Price for all three: $39.51


  • Series: Tokyo Mew Mew Omnibus (Book 1)
  • Paperback: 368 pages
  • Publisher: Kodansha Comics (October 25, 2011)
  • Language: English
  • ISBN-10: 1935429876
  • ISBN-13: 978-1935429876
  • Product Dimensions: 5 x 1.1 x 7.5 inches
  • Shipping Weight: 12 ounces (View shipping rates and policies)
  • Average Customer Review: 4.3 out of 5 stars  See all reviews (9 customer reviews)
  • Amazon Best Sellers Rank: #124,209 in Books (See Top 100 in Books)


4.3 out of 5 stars
He art isn't as great as other masterpieces, but its still very good non the less.
Ya-Eli Alana Y'rush'lme
Overall, I was really pleased with this book and recommend it to anyone who loves shoujo manga!
alexis jennings
My Granddaughter loved her Christmas gift from Nana and Papaw and that's what counts.
Louis J. Koerner Jr.

Most Helpful Customer Reviews

4 of 4 people found the following review helpful By Ya-Eli Alana Y'rush'lme on December 7, 2012
Format: Paperback
Sailor Moon got me into anime but Tokyo Mew Mew got me into manga. He art isn't as great as other masterpieces, but its still very good non the less. I loved the concept of being infused with an endangered species that allows you to use their abilities to fight crime. While its not as indepth as other mangas, its still good as a beginner/introduction to anyone whose never read manga before. Very cute and very fluffy for those who like the girly side of life :3
Format: Paperback
The first manga you ever read is one you never forget. Tokyo Mew Mew was very...unique to my uncultured kid-self. But it was perfect too, because it was as if I were watching my day dreams shaping into a collection of pages. Needless to say this was certainly a very fun manga. If you are looking for a fun magical girl manga, or something close to Sailor Moon, but with heavy emphasis on using animal powers, this just might be for you.

If you are also considering letting a child get into manga, this is a great series to start off with because there is NO fanservice, and it is a sweet, and girl-power filled read.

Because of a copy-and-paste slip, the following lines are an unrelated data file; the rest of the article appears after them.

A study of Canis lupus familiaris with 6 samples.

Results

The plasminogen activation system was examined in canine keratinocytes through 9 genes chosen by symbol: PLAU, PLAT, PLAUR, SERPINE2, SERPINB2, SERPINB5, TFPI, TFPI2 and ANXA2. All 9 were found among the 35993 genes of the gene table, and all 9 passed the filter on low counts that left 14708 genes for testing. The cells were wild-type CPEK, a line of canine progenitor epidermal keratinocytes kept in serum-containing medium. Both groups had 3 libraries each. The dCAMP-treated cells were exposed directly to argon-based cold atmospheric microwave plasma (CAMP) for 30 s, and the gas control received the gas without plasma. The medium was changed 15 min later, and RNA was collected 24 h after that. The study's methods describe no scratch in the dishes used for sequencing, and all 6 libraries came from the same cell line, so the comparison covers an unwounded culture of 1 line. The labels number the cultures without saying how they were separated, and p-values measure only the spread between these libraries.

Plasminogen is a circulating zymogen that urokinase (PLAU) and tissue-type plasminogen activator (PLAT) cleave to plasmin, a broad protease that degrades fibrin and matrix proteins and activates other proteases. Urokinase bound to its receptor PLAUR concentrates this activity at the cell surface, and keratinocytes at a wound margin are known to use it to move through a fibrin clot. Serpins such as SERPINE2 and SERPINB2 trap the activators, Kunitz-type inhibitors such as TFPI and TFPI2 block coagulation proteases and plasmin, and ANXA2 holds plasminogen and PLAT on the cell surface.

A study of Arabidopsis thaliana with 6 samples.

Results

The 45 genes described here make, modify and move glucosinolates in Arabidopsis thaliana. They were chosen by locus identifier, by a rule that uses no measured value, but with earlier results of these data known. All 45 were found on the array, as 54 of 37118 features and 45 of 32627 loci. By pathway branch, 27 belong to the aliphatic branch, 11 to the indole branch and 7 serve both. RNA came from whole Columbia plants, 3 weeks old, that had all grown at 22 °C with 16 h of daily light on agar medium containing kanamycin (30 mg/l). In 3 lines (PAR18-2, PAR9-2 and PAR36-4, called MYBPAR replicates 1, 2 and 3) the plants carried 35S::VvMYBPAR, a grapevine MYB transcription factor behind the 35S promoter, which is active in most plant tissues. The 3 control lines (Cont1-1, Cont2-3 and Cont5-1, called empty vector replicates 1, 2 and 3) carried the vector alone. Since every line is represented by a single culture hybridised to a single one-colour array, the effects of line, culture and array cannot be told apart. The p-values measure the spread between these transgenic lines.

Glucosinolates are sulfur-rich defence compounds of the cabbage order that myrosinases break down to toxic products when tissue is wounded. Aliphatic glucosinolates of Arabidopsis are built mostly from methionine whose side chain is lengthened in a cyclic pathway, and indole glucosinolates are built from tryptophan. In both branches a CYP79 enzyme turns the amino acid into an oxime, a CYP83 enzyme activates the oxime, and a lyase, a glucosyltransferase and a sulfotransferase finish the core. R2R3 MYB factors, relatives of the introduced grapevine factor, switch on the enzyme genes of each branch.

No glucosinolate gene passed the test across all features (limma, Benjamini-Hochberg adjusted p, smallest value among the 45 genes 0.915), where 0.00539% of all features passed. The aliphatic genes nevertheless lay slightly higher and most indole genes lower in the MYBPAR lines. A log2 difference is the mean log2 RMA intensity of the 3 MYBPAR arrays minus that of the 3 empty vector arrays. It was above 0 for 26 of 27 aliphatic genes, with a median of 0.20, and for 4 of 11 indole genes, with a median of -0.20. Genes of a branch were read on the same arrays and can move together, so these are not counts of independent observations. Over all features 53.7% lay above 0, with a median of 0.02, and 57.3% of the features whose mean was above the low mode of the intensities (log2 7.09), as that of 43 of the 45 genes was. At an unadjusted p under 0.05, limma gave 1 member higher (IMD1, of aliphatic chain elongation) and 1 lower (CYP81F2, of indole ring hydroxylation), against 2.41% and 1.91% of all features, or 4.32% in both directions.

Other recommendations for newcomers to manga (or for children):
Sailor Moon
Pokemon Adventures
Kamisama Kiss
Dragonball/Dragonball Z
Yotsuba
Natsume's Book of Friends
Naruto-this is not a hentai, but for those new to manga, it does have some instances where the protagonist changes into a naked woman, but is shrouded in clouds or mist. It is there for comedy and nothing inappropriate or sexual ensues, so if you do let a child read it, make sure they are older to understand the joke. Also, this joke quickly disappears never to be seen again.
One Piece-does have some fanservice, but not enough to turn you away.
Format: Paperback
The book came in like new condition. My daughter love's these comic book like story lines. Great story to keep a teenager reading instead of watching TV.
Format: Paperback Verified Purchase
I was really happy to find this manga in 3-in-1 Omnibus format. I love Tokyo Mew Mew and used to watch it on TV when I was younger. Overall, I was really pleased with this book and recommend it to anyone who loves shoujo manga!
Format: Paperback Verified Purchase
I bought this solely for comparing the quality of Kondasa's comics to Tokyopop's, and read both the omnibus and single volumes along side each other.

Alright, let's start rambling...

I can say off the bat that Kodasha knew what they were doing when reprinting the series. The images were crisp, and easy on the eyes; they resized the comic in a way that the screen tones weren't choppy (as compared to Tokyopop's), and used the right amount of contrast to the darker images so they didn't show up as black blobs (which Tokyopop did a terrible job at.) As a matter of fact, Tokyopop's use of contrast really detracted from the art itself.
Though Ikumi isn't the best artist out there, the way her images were printed in the first release didn't really credit her at all. The extreme darks and lights made it seem like she didn't know what she was doing.
Some panels are cut short of where they were supposed to be, making some pages look incomplete and/ or unbalanced. On some pages, (in the bottom corners of the first volume), you can see the page boarders (which the artist uses as a boundary to where the printing press will cut off. It's extremely unprofessional looking. (Imagine watching an old VCR movie, do you know how it sometimes "jumps," where you'll get fuzzy lines on the screen, and the scene may flicker up and down vertically?) This is sort of what I felt when looking through Tokyopop's copy.

Some images were already too small to be scaled, making the lines in those particular panels sketchy, even at times non existent, where as the omnibus edition had very strong lines, and didn't look like they were being stretched nor squished.

In all, you're interested in this series, I'd defiantly reccomendation the omnibus addition.